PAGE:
Keep in mind that “fast tracking” in NCAA terms could mean that they wrap everything up in four months, rather than the four years it took to hammer USC. But the fast track is better than the slow track, isn’t it?
On ESPN’s College Football Live Program, the show’s Jesse Palmer confirmed that the NCAA and the SEC were both moving quickly; that decisions could be made as early as this week; and Palmer also said that this “could open up the SEC West race again,” and that an “undefeated LSU” could reach the SEC Championship Game.
Keep in mind that LSU has lost only once—to Auburn. If the NCAA and the conference are truly contemplating what Palmer is suggesting, it means that they are at least considering vacating wins.
Palmer is incorrect though, in that a vacated win does not translate into a victory for LSU. However, the vacated win would propel LSU into the title game, if they win out.
In other, related news today, the FBI interviewed former Mississippi State player John Bond, one of the first characters to appear in this two-week old saga. But what’s important to note is this:
Bond's attorney, Phil Abernethy, wrote in an e-mail Tuesday that John Bond met with federal and state investigators and "cooperated fully with both agencies," according to the Associated Press.
“Both agencies” means that this is part of a coordinated investigation spanning multiple jurisdictions. These things don’t just pop up in response to internet rumor and media speculation. In fact, the feds have been snooping around Auburn for a while now.
As much as Lowder has already lost, he could still lose much more. A slew of class-action suits have been filed by both Colonial shareholders and former employees that charge Colonial with reckless and dishonest conduct and name Lowder as a primary defendant.
One thing that seems clear is that Colonial Bank, led by Lowder, binged on the real estate bubble probably as much as or more than any sizable bank in the country, making dozens of acquisitions to get into fast-growing markets such as Nevada, Atlanta, and especially Florida, and concentrating more than 85% of its loan portfolio in real estate.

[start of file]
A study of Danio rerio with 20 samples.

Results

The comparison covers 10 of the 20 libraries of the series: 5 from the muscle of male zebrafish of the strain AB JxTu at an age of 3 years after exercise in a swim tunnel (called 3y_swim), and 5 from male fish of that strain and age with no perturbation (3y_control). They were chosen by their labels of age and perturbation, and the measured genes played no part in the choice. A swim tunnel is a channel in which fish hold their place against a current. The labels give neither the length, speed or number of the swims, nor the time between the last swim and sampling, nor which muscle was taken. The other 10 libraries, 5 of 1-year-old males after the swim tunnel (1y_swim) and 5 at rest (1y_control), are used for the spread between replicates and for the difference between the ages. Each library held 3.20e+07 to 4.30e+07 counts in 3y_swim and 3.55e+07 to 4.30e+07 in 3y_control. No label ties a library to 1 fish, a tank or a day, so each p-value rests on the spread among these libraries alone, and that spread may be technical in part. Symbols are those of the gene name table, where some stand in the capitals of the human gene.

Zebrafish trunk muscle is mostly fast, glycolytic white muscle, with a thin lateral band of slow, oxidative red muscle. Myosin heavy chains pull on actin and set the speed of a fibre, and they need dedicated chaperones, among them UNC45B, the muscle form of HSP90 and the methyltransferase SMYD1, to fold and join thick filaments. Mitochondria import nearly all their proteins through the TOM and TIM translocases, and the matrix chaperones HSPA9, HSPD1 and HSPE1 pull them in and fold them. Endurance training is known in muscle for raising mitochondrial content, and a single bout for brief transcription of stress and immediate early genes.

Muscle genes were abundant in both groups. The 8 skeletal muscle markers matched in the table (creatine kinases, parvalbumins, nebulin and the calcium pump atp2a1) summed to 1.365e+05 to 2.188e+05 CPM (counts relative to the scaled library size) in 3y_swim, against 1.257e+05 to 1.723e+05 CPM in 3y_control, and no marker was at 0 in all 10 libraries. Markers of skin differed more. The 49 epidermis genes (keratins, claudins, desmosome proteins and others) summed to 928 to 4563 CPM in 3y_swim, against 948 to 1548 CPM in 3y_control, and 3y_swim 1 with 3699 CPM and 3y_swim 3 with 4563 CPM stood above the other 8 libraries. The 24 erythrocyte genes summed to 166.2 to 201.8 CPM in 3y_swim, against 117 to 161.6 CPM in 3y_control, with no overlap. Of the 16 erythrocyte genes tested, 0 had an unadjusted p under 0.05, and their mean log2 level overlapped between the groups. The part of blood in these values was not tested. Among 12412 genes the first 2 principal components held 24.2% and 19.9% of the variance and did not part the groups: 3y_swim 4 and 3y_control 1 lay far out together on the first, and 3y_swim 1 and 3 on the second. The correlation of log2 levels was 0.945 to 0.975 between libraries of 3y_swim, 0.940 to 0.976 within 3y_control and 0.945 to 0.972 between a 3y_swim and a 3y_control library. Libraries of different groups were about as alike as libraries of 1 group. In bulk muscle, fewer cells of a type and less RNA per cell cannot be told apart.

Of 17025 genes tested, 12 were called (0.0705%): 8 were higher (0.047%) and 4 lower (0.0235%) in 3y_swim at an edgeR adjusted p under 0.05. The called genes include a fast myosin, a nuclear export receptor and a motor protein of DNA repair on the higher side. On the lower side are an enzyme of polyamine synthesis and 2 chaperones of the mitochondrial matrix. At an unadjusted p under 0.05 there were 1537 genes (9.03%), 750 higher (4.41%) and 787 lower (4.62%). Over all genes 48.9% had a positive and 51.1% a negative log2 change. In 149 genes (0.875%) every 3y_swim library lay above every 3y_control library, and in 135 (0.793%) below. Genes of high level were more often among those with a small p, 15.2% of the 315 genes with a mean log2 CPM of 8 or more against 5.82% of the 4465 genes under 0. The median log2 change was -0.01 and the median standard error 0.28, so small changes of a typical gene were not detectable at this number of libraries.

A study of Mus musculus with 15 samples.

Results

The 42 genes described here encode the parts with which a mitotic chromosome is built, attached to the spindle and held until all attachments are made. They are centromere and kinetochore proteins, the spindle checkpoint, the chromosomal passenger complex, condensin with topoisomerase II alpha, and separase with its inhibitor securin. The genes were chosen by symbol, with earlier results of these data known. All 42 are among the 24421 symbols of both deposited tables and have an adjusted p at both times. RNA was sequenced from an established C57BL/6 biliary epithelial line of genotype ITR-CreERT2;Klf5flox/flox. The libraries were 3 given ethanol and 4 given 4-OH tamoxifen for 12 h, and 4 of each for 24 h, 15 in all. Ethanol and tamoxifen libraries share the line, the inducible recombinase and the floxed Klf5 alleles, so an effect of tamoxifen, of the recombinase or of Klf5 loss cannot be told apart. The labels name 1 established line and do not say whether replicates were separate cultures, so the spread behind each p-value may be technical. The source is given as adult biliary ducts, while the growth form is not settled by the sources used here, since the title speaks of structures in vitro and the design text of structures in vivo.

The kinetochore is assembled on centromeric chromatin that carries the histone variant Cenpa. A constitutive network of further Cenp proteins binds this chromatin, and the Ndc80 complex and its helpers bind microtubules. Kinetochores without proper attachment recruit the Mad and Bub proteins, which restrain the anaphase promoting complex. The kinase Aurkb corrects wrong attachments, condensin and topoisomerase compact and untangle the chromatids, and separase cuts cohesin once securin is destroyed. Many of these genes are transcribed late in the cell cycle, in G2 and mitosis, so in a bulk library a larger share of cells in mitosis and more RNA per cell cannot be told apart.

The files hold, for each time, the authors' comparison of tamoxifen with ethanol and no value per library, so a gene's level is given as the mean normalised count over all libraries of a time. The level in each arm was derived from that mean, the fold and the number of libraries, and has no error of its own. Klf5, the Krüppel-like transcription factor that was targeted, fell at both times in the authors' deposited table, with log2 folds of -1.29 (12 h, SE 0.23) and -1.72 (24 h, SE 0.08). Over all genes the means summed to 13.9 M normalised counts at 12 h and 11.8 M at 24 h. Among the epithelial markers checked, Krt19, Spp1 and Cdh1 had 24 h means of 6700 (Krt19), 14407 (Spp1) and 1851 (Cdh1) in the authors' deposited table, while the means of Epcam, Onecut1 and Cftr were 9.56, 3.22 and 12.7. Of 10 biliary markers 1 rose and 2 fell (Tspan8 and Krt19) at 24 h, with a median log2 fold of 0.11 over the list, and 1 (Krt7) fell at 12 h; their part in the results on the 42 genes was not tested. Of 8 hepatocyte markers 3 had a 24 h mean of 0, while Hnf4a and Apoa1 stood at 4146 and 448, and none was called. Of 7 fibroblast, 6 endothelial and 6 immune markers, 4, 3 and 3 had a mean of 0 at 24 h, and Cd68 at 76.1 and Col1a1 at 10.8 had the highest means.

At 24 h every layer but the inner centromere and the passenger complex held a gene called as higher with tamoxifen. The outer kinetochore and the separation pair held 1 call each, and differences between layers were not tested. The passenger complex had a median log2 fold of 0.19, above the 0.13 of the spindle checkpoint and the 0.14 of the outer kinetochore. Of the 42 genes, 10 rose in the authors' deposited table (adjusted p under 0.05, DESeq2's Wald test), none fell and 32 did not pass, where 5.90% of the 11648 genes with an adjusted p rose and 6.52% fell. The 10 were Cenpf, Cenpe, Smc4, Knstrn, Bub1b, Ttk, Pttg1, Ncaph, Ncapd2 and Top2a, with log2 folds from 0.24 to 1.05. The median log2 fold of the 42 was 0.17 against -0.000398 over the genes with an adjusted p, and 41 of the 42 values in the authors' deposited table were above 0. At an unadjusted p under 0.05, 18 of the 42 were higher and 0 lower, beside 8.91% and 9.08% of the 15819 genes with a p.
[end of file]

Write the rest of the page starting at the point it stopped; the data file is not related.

Perhaps most worrying for Lowder is an investigation by the FBI and the Office of the Special Inspector General for the Troubled Asset Relief Program into Colonial's so-called warehouse-lending business.
Colonial applied for $550 million in TARP funds last fall but was never cleared to receive a bailout. On Aug. 3, just 11 days before regulators shut down Colonial, agents raided the bank's offices in downtown Orlando, where the warehouse lending was managed, and spent hours carting away boxes of documents.
Thus far in 2010, 287 banks have been seized by the FDIC. The federal insurance fund has had to cough up almost $12.7 billion to make depositors whole after the banks were seized. Know which was the biggest bank that went down last? It was Lowder's Colonial Banc Group. Lowder also had several of his Auburn trustee buddies and friends sitting on the board of Colonial. They included Jimmy Rane, Pat Dye. Another major stockholder was casino owner Milton McGregor who was talked into taking on another $13 million in shares just months before the bank failed.
The late John Miller, also on the AU board, was the primary attorney for Lowder’s bank and was paid millions. Trustee Paul Spina, who, another former board member, was associated with Lowder’s bank in a lesser capacity. Former trustee Earlon McWhorter, a contractor/builder, also found a friendly banking experience at Colonial where he also borrowed millions.
The late Jimmy Samford, who once headed Auburn trustees, maintained an office in Lowder's building in Montgomery where he engaged in lobbying for Lowder and the bank. The current head of the trustees is John Blackwell who has borrowed millions from Colonial. Ditto for Sen. Lowell Barron, a former AU trustee and the most powerful man in the Alabama Senate.
Sports fans, this appears to be much, much bigger than just a great quarterback with a father who was probably looking to profit from his son’s athletic talents. The feds started looking into Bobby Lowder’s financial dealings because they thought he might have fudged the books on his bank’s TARP application.
Then, apparently, they came across Lowder & Company’s dealings with the recent investigation and indictment of legislators and lobbyists in connection with the alleged “pay-for-vote” scandal on gambling in Alabama.
Then, apparently, they became interested in the Cam Newton scandal because maybe, just maybe, some of Colonial Bancgroup’s capital just may have been involved in paying players at Auburn.
Now, there is a coordinated investigation going on, spanning multiple jurisdictions and investigators sharing information. If there is a shred of evidence that Colonial money found it's way into the pockets of past or present football players, or their families or associates, we will have a scandal that makes the USC – Bush fiasco look like a garden variety cookie jar robbery.